Speech Analytics Will Change How We View AI

As we move towards an AI driven future, speech analytics will become prominent


Tel Aviv-based voice emotion analytics startup Beyond Verbal has raised $3 million as part of a Series A round, led by China's KuangChi Science Limited, part of the Kuang-Chi group. The news comes amidst growing buzz around the use of analytics to gauge emotional responses, with exponential advancements in the technology over recent years that have arisen as a result of improvements in AI having a variety of exciting implications for businesses and humanity on the whole.

Founded in 2012, Beyond Verbal analyzes the human voice for patterns in order to try and understand the speaker’s emotions. The applications are many, including measuring call center effectiveness, market research - even tracking health conditions over time by gauging mental wellbeing. Take call centers as one example. Calls are captured and categorized before being run through analytics algorithms to provide insights that can be leveraged for a range of purposes clearly beneficial to any call center, helping improve relationships between operators and customers to reduce call time, evaluate customer satisfaction to help improve employee performance, and reduce churn by pinpointing customers who show signs of leaving.

Matt Matsui, SVP, Product Startegy and Marketing, Calabrio, notes that: ‘Speech analytics is unique, especially compared to other types of analytics. When customers are speaking, they aren't necessarily filtering and forming conversations the way they would in an email, text message, or on social media. Speech analytics give companies access to in-the-moment reactions and sentiments because customers are using both contextual and functional words during conversations. Contextual words are the nouns and verbs used to formulate a sentence, while functional words are used to fill in the gaps. It's actually those functional or ‘throwaway’ words that give insight into someone's subconscious, or his/her true feelings, and brands now have access to that insight. Because of this, speech analytics give companies a more accurate view of tone, context, and overall customer sentiment.’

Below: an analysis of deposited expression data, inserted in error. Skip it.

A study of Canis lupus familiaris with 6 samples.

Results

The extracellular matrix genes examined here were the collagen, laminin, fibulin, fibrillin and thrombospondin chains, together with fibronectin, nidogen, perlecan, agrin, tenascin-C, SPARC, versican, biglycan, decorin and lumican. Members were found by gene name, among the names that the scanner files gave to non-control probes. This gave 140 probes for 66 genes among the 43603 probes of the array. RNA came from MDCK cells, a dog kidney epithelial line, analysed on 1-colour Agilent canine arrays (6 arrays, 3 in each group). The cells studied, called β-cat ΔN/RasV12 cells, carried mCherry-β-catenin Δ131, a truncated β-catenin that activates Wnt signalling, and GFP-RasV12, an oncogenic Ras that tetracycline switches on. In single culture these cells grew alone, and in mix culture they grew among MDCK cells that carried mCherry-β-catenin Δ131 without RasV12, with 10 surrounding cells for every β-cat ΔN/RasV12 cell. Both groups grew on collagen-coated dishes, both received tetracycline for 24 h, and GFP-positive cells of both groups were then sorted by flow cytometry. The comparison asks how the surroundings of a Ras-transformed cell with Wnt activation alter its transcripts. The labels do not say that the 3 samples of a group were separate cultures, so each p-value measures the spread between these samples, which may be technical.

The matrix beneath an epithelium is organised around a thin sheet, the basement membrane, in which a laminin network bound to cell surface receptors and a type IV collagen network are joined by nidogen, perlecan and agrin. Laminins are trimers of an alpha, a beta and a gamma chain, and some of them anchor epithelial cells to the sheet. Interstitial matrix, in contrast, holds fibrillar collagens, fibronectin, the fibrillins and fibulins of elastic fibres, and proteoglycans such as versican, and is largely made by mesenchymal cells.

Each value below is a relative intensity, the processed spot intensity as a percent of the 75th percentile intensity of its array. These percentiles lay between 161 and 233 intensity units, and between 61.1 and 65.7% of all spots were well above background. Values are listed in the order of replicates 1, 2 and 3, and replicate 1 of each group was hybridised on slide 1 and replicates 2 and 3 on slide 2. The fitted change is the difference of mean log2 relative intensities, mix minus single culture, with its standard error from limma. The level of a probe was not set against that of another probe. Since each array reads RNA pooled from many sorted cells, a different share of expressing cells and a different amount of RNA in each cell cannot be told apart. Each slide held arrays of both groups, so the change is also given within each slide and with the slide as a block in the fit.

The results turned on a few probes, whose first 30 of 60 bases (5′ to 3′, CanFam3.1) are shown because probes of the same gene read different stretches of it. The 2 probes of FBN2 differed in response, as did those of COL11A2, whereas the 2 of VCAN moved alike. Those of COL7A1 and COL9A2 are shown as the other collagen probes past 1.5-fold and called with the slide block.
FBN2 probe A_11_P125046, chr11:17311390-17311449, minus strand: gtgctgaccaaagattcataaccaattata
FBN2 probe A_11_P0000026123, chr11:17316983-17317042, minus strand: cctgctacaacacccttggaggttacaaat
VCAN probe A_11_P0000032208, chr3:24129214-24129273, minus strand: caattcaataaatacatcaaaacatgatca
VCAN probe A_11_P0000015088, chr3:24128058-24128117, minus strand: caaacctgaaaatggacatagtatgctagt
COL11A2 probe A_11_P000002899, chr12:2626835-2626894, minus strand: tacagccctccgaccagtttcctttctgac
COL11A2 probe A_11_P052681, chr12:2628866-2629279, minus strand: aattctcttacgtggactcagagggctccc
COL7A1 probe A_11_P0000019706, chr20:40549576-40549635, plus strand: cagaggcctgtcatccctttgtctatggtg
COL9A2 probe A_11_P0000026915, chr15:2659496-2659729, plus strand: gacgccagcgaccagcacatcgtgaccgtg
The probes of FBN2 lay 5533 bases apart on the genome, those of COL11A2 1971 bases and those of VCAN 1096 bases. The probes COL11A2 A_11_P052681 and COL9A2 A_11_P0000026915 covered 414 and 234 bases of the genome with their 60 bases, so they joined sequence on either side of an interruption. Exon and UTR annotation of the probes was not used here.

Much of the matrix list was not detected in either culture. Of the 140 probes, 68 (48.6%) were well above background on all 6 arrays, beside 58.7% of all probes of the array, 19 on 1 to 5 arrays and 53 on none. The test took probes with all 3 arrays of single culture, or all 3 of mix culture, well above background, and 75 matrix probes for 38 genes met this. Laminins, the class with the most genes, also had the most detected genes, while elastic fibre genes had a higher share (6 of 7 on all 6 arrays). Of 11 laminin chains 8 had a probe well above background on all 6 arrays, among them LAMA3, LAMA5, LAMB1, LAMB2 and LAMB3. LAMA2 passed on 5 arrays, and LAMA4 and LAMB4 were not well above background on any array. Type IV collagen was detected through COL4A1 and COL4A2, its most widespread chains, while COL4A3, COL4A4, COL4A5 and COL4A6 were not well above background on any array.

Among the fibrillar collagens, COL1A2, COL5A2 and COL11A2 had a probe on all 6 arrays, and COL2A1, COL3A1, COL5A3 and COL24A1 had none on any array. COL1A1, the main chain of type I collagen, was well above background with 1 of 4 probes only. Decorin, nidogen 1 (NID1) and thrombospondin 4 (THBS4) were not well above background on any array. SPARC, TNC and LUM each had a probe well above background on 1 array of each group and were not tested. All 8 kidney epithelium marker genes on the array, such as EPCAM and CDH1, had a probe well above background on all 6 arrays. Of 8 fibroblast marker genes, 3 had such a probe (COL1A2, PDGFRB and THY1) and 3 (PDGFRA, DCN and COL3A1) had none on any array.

There has been heavy investment in various other forms of speech analytics in recent years, particularly to boost the larger tech companies virtual assistants. Apple’s purchase of VocallQ, for example, should help improve its Siri software significantly. VocallQ fed its software with program queries asked by normal humans to help train it in how people talk, asking questions from a list of prompts. VocalIQ eventually recorded roughly 10,000 dialogues, and performed significantly better than programs like Siri and Cortana in testing.

However, analyzing emotions will have a far more profound impact in creating the kind of AI most of us hold in our imagination, one that can truly engage with humans and thereby better help us in every day. In this vein, it is not just speech analytics helping machines to understand how we are feeling. Another recent Apple acquisition, Emotient, reads the movement of the 43 muscles in a person’s face to decode emotional intent. Marian Bartlett, a founder of Emotient and the company's lead scientist, explained: ’It takes an image as input, and it scans that image for faces,’ she says. ‘And as soon as it finds those faces, it then does pattern recognition techniques in order to measure and detect the facial expressions in those faces.’

The advantages of having machines that can interpret human emotions in business and healthcare are being realized now, as startups like Beyond Verbal and VocallQ are demonstrating. What happens next is an exciting step in the evolution of machines, can could completely change the way we see AI.